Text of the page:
Tone refers to the overall manner of expression, comprising messaging, voice, tense, and diction.
Diction, or word choice
Prefer modern usage and spelling. As language evolves over time, words concatenate. “Electronic mail” became “e-mail”, and “e-mail” became “email”.
In addition, choose short, simple words when they’ll do the same job as long, overblown terms. This helps drive home the engaging, conversational nature of the brand, though it can be rare in the university setting, particularly among faculty more comfortable with the more verbose language of publishing. Set an example for the clear communication Furman strives to teach and encourage. Use… don’t “utilize.”
Beyond favoring clear, simple diction, also aim for a concise, upbeat tone. How?
- Adopt active voice and use precise, assertive verbs, in the present tense wherever possible.
- Find the perfect word to convey meaning. Use the one perfect word rather than a few that can only approximate your meaning.
In the virtual space of a webpage, your audience doesn’t need additional directions to know that in Western culture, they’ll typically navigate left to right, top to bottom. Avoid using “following” or “below” to refer to elements on the page, when the layout of the page itself provides those indications. In addition, when calling the user to action, avoid unnecessary words that will just get in the way of acting.
- Check our list of upcoming events
- Students’ favorite coffee shops
- Read alumni news
- Check the list below
- The following coffee shops
- Click here to read alumni news
Perspective refers to the author’s relationship with the reader. In content that advocates or persuades, we recommend speaking from the first-person plural: Furman University, or the department you represent, is “we.” As you write in the first person, you’ll naturally indicate the owner, agent, or actor in an action; in doing this, you’ll automatically write in active rather than passive voice and trim nominalizations.
- In the Biology department, we encourage you to explore…
- The Biology department encourages exploration
- Exploration is encouraged by the Biology department
Sentence length and cohesion
As the target audience delves into the Furman brand and web presence, let them unwrap the present: at the highest level, they need concrete but minimal detail. Word choice must be accurate and precise, whether you’re writing a 140 character Tweet or department landing page. As they dig deeper, content can become more specific, substantial, and longer; in many ways, your reader has given you permission to offer content in this manner in exchange for their time.
In page copy, remember your reader as you create content that breaks the stereotype that “people don’t read online.” They do, when you offer them content that “pulls” them through it. First, your sentences shouldn’t ramble; aim to be clear and concise. Then to keep sentences from running wild, don’t overwhelm your readers with too many ideas at once, and don’t go on longer than necessary. But don’t use monotonous, short sentences just to avoid longer ones. This makes the rhythm choppy. Amid rhythm and sentence length, where does that leave you? Consciously vary your sentence length. Then aim for concision and cohesion: let old or known ideas introduce new thinking, then let one thought flow to the next by starting a new sentence with the concepts or terms that ended the previous one. One by one, your sentence will pull eager readers through messages of advocacy or ideas about adopting new processes into their lives.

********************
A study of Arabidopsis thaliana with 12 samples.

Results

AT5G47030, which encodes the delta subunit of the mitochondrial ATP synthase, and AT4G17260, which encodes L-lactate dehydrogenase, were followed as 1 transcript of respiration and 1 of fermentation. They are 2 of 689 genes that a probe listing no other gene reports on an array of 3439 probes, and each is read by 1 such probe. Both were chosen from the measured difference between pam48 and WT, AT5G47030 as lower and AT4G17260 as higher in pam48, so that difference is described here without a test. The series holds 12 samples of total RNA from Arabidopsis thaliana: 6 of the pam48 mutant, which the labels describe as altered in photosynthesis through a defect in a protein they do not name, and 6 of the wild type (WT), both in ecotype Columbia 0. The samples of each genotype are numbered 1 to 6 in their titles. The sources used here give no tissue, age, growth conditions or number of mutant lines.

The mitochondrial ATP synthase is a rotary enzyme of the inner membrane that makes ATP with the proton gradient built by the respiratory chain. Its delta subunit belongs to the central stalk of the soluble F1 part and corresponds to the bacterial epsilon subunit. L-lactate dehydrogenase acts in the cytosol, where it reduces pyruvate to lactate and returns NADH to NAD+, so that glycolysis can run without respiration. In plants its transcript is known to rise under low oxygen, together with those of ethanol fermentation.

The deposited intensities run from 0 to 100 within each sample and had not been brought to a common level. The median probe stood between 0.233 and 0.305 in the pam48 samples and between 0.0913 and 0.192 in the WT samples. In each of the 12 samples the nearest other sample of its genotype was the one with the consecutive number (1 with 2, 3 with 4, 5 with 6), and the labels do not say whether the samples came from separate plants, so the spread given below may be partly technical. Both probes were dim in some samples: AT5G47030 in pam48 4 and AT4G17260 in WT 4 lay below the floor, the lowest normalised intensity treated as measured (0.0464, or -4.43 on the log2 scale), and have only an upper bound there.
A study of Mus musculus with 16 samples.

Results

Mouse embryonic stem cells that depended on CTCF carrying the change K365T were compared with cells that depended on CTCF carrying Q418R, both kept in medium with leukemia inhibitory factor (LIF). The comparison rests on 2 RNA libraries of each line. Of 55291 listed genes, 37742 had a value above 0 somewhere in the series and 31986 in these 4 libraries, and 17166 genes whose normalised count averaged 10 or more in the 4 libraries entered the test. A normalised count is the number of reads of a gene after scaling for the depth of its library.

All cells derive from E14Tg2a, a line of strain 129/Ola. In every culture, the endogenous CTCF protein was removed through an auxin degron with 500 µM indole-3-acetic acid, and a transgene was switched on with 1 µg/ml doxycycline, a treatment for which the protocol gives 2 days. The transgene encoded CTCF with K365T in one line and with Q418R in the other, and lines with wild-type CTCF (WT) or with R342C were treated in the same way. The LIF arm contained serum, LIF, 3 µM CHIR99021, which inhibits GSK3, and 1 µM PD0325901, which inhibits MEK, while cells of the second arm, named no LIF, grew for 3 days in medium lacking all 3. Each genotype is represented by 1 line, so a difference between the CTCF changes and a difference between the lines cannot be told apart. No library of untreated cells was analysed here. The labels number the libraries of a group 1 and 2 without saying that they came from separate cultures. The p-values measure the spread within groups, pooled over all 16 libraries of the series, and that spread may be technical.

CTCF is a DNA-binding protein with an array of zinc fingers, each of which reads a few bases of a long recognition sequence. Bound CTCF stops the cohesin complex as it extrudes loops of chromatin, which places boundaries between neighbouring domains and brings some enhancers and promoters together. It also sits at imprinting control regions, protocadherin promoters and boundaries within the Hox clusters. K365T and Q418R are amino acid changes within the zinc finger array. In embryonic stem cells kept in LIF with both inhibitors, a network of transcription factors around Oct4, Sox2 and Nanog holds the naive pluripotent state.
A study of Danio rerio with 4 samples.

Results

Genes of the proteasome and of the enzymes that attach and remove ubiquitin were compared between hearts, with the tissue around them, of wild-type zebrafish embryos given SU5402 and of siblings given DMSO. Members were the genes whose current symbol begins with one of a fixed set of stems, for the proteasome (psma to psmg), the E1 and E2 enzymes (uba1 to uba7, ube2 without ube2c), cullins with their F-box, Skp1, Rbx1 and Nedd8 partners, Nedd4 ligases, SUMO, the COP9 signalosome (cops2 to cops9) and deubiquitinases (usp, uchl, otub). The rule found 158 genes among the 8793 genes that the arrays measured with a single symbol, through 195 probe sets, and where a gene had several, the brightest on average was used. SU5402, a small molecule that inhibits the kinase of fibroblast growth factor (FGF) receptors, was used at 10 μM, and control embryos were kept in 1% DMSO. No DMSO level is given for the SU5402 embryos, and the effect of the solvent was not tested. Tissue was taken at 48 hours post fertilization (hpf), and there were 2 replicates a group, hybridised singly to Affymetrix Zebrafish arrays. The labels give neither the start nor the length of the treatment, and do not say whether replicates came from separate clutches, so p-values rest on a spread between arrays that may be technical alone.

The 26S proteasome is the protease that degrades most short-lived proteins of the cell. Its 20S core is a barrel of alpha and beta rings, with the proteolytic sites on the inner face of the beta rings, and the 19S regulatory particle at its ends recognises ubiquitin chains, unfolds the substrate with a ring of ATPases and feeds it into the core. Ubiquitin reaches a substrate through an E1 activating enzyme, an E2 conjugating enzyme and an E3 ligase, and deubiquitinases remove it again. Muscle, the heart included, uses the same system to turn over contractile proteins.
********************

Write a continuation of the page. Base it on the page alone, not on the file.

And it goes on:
(Yes, that was a lot of copy—but it follows the rules it espouses: it aims for cohesion, consistency, and variety in sentence length to get you to this point.)
Why does this matter? For your busy audience, content that demands their attention for more than a couple seconds must be readable and should “pull” them through the message. A little variety in how you form those messages adds energy, and gives your reader the energy to get through the text. In the time-pressured world of conflicting responsibilities, homework, and busy social lives, your good content can give your audience a reason to dig in and learn.
Tense is the form of the verb that indicates time. In general, use the present tense. Like the active voice, the present tense is assertive, concise, and confident—all qualities that support the Furman brand and voice. The present tense is also more contemporary, making events or activities seem ongoing instead of finite—key for evergreen content on the internet. This also jibes with the general, “it’s always now” tone of social media.
Voice is the relationship between the subject of the action and the verb itself. In general, phrases that use active voice are a bit shorter than similar phrases that use passive voice. They can also be more informal, though passive voice creates a false sense of formality and grace with nominalizations and wordiness. Use the active voice instead of passive voice to make content more clear and confident, in keeping with the straightforward tone dictated by the message. It’s a way of demonstrating respect for your audience.